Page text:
The legal system sometimes requires the use of “magic words” before things can happen. For instance, depending on its language, a court may decide a settlement agreement is a frog or a prince. The correct magic spell requires the correct language. Before you bring that settlement agreement to the wizard/judge, make sure it’s done right.
Some of those magic words include the signatures of the parties. It’s critical to get both sides to sign the settlement document or it may not be enforceable under Code of Civil Procedure 664.6. Under that section,
- If the parties stipulate to a settlement in writing (or orally before the court),
- A party can move to enforce the agreement, and,
- If the parties request it, the court may retain jurisdiction until there is full performance of the settlement’s terms.
To be enforced by a court, an out-of-court written settlement agreement must be signed by all the parties, not just their attorneys and not just the party against whom enforcement is sought. Levy v. Superior Court (1995) 10 Cal.4th 578.
An exception occurs when the defendant is insured under a policy that allows the insurance company to settle without the defendant’s consent. In that case, the defendant’s signature is not necessary, but the adjuster’s is necessary. Fiege v. Cooke (2004) 125 Cal.App.4th 1350, 1353-1355; Robertson v. Chen (1996) 44 Cal.App.4th 1290, 1295-1296.
This can be a major problem for settlement documents that are one sided only. For example, many releases only require the plaintiff to sign the release. If that is the case, it would not be enforceable under CCP 664.6. This does not mean that it is not enforceable, but instead, the expedited procedure of 664.6 will not be available.
To be enforceable under §664.6, the material terms of the settlement must be explicitly defined in the agreement. A settlement agreement is unenforceable if the parties fail to agree on a material term (such as the terms of payment) or if a material term is not reasonably certain (like leaving that up to arbitration). Minor unresolved issues should not make a settlement agreement unenforceable.
When the agreement is reached during mediation it makes the situation a little more complicated but not impossible. There is a “mediation privilege” which normally precludes introduction into evidence anything said or written in the course of a mediation proceeding. (Cal. Evid. Code § 1119.)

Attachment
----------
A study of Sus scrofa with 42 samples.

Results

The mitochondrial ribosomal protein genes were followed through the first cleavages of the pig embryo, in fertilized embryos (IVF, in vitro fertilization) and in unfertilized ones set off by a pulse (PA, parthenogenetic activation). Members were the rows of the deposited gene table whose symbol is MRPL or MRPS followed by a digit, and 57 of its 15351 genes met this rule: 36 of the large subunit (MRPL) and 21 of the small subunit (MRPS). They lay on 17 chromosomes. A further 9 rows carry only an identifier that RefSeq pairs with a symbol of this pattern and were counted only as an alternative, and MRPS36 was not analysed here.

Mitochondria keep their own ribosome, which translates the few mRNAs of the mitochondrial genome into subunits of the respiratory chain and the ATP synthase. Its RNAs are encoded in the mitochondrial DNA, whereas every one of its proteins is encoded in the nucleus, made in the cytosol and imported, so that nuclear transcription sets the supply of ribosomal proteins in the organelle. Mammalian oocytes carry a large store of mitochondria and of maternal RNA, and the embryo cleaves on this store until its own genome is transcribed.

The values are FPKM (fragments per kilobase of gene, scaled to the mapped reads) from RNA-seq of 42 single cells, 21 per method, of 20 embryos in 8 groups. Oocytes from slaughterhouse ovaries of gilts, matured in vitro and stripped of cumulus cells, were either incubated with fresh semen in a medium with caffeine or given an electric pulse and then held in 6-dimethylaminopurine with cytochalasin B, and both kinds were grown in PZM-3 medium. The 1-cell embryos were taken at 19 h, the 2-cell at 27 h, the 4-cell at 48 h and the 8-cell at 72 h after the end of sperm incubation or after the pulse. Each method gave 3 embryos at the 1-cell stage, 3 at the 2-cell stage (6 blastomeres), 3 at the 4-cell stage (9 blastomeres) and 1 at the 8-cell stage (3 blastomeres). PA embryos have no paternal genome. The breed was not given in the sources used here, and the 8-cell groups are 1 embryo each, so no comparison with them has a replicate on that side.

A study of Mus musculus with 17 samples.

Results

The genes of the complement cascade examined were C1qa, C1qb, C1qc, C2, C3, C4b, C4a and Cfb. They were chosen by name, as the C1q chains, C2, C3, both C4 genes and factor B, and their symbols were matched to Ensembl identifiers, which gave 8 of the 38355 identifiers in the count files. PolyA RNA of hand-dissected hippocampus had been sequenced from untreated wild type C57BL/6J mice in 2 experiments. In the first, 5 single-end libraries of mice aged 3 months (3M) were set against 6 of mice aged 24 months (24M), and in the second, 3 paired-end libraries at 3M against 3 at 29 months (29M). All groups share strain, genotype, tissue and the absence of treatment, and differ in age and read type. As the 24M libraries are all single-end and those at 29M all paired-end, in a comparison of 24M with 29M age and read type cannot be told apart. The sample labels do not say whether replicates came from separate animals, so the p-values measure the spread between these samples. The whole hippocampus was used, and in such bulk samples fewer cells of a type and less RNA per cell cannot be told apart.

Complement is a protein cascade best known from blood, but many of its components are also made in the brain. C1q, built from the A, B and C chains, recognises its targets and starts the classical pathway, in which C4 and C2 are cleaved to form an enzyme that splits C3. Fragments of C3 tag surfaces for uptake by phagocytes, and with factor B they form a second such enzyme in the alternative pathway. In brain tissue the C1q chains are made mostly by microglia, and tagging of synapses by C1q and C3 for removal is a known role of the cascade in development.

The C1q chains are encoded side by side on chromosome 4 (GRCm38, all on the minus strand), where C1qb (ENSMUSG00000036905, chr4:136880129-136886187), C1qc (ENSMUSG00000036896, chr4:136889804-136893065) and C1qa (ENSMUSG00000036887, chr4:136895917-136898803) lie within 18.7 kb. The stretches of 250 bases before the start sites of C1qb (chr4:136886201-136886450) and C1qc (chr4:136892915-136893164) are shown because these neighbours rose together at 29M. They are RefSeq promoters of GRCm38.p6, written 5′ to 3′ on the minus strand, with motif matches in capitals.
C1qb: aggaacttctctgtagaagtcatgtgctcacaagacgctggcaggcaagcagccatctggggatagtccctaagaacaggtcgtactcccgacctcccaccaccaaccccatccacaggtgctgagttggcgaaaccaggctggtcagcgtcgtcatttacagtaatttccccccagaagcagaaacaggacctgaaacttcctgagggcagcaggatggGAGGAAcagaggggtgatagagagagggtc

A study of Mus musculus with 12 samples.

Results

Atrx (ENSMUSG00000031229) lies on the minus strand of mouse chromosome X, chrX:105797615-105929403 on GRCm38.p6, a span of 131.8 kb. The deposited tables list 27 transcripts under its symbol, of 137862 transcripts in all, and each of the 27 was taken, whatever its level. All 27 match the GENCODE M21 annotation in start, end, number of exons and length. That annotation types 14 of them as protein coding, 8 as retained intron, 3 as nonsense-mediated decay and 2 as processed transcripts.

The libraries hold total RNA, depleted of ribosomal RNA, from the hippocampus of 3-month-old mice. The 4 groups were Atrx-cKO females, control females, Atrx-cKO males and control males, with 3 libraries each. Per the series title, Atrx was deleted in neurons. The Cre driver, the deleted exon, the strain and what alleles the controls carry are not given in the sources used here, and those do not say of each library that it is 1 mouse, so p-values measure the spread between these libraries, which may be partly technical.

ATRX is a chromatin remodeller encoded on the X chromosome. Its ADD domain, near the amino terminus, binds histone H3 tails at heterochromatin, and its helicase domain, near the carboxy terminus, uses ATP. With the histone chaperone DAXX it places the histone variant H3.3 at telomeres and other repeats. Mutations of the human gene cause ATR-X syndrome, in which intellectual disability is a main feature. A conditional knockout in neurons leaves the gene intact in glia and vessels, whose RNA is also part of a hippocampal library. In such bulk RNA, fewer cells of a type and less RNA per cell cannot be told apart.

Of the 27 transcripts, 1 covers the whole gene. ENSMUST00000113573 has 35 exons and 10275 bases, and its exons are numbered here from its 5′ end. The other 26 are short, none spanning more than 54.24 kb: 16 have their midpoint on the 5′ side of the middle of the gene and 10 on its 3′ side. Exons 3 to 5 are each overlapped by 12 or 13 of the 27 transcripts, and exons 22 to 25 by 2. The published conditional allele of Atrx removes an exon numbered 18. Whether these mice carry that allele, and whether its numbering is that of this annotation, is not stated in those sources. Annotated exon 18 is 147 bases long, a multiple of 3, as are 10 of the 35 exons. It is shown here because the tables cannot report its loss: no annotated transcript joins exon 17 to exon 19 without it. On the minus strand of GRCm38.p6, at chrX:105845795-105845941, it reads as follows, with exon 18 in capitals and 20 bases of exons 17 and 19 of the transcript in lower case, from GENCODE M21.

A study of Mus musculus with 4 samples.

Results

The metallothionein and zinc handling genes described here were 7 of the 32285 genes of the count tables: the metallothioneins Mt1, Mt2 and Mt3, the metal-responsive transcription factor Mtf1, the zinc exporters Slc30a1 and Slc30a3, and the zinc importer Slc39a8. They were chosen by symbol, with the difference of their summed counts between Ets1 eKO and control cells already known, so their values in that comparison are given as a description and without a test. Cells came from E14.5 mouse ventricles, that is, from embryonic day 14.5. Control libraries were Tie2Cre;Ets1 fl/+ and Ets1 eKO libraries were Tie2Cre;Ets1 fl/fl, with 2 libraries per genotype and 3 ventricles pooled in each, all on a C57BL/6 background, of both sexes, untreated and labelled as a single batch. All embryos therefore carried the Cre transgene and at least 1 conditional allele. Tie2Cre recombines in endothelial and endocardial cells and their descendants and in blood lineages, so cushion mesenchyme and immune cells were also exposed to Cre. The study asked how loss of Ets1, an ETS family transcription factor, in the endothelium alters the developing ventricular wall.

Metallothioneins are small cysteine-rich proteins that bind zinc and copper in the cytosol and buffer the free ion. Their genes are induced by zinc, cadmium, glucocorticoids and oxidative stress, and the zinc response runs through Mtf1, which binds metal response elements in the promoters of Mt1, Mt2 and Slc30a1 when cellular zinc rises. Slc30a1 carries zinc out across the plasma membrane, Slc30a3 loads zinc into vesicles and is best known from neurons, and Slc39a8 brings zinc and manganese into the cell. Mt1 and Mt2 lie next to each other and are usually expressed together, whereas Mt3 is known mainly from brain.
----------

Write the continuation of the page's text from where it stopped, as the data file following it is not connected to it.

A key component of mediation is that everything said or written or settlement offers proposed are confidential (this encourages the parties to speak freely and openly discuss a possible resolution). But problems can arise when a settlement agreement comes within the mediation privilege. Disclosure of a settlement agreement is prohibited unless the situation falls into a specific statutory exception.
Section 1123 of the Evidence Code provides an exception to mediation confidentiality, allowing mediated settlements to be introduced into evidence in a judicial proceeding.
Any waiver of the mediation privilege will be strictly construed and a waiver will not be implied. To get around this privilege, the settlement agreement must contain express language. The settlement agreement must spell out that it’s:
- Admissible or subject to disclosure, and
- Enforceable or binding.
The agreement is also admissible if all parties expressly agree in writing, or orally in accordance with section 1118, to disclose the agreement. (See Cal. Evid. Code § 1123 (a), (b), and (c).)
Whatever the wording, the settlement agreement must unambiguously and directly express the parties’ intent to be bound by the agreement and permit disclosure of the agreement in a court of law.
Do yourself and your client a favor by making sure any proposed settlement agreement is properly worded. If you don’t draft it correctly and it turns out to be unenforceable, you may wish you could make yourself magically disappear.